Representatives attend the College and Career Fair


A WellStar nurse demonstrates proper safety precautions for the hospital work environment. The nurses from WellStar provided students with information about the nursing career. Photo by Emily Hill

On Jan. 29, the gym bustled with activity. With over 50 attendees, the College and Career Fair hosted a large range of people, including representatives from colleges, businesses, and military branches. Tables were lined up in rows and stocked with pamphlets. Students scattered throughout the gym talking to the representatives present. These representatives informed students about their opportunities post-graduation, with some businesses even looking to hire.  

Nurse Britany Coates attended the career fair to represent WellStar. Coates hoped that students would learn that there are many opportunities within WellStar other than being a nurse and that nursing is not a female-only job. Most of all, Coates wanted students to gain an interest in nursing. 

“Nursing is the best job there is, so they should definitely take an interest in it,” Coates said. “[Students interested in nursing should] make sure they keep up good grades because it is a competitive program, and just search into colleges. There are so many nursing programs through Georgia and so many opportunities for scholarships.” 

WellStar also offers a volunteer opportunity for rising sophomores, juniors, and seniors. The VolunTEEN Program is hosted at Kennestone Hospital and allows students to get a firsthand look at a nurse’s daily tasks. Information for applying to this program is on the WellStar website. The application deadline is Feb. 28. 

“[Through the VolunTEEN Program,] you can get into the hospital and see the different areas, how things work, and get an idea for the healthcare system,” Coates said.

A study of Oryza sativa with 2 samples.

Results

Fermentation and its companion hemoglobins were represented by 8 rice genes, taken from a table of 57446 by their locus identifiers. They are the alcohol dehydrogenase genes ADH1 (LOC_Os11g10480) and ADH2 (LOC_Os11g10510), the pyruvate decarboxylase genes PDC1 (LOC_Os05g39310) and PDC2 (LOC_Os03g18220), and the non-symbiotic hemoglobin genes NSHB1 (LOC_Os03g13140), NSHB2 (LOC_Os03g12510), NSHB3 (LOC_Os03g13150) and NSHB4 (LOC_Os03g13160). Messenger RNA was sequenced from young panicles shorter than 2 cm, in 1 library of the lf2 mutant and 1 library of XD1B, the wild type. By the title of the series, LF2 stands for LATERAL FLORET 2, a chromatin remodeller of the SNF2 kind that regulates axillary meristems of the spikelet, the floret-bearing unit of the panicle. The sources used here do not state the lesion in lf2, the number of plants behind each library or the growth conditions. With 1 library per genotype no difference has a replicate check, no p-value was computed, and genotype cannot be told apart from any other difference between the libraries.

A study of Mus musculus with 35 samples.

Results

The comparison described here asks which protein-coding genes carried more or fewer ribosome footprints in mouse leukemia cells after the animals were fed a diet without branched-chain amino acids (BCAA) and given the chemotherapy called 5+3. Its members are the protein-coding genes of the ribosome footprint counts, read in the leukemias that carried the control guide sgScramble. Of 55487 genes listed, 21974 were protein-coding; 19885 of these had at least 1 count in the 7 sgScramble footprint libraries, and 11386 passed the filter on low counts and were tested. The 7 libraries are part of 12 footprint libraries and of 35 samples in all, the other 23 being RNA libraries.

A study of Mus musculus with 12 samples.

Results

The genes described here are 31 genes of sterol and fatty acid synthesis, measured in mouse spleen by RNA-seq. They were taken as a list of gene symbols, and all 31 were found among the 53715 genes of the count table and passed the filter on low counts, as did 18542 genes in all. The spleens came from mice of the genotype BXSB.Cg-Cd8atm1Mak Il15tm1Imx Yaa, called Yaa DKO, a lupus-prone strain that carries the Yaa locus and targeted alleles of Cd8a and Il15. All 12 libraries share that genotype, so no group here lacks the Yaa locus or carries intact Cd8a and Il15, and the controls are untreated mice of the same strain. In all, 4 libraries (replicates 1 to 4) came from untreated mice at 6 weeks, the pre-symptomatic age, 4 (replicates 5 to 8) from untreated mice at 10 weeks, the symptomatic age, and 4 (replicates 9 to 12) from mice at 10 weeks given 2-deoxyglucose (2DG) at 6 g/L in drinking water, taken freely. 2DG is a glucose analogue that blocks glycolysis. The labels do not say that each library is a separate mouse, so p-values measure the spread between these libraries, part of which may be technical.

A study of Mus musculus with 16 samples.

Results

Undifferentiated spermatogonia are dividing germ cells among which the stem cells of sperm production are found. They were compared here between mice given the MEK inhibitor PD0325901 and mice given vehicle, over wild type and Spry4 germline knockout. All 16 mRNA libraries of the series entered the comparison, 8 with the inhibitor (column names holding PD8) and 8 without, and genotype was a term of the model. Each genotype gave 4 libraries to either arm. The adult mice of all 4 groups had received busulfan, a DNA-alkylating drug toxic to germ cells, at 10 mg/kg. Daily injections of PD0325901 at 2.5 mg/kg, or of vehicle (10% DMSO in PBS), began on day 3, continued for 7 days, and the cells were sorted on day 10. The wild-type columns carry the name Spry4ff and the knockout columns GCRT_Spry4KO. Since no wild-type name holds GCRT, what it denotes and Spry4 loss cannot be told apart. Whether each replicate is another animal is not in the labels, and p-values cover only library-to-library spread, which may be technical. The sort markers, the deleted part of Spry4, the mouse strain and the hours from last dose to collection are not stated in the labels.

Many college recruiters attended the College and Career Fair, including the University of Alabama which was represented by Regional Admissions Recruiter Andrew Morrison. Through his visit, he hopes that he can help students have a clearer idea of their future goals. 

Two freshmen receive information about the University of North Georgia. Representatives from various colleges visited on Jan. 29 for the College and Career Fair. Photo by Emily Hill.

“[I hope students gain] a greater appreciation for the college search process. [I hope] they ask good questions that are going to benefit them in terms of making the right fit and choosing the right college,” Morrison said.  

College is not the only path available for high schoolers. As such, multiple branches of the military attended to recruit students. Sgt. Nigel Kohring attended to recruit for the Georgia Army National Guard. Kohring talked to students about the benefits of joining the military and how to join. 

“I encourage people to join while they’re in high school. For one thing, you get [the benefits of full in-state tuition coverage] while you’re in high school. You can go ahead and start getting paid while you’re in high school, and [you can start] making your next rank,” Kohring said.

Other organizations were also present, such as Miranda Hudson from Women in Technology (WIT). WIT is a nonprofit that works to empower women in science, technology, engineering, arts, and math (STEAM). Hudson was getting students signed up to receive more information about the organization, with a total of 28 students signing up. 

“We need more girls around the table in tech,” Hudson said. “What we hope to do is get more people to sign up so they [can] attend our events, be eligible for scholarships, and just know more about the industry.”  

The College and Career Fair supplied students with knowledge of college admissions, career choices, and other future opportunities. The representatives shared their experiences within their career branches with students and shared information about how students can get involved. The fair gave students insight into their opportunities for the future.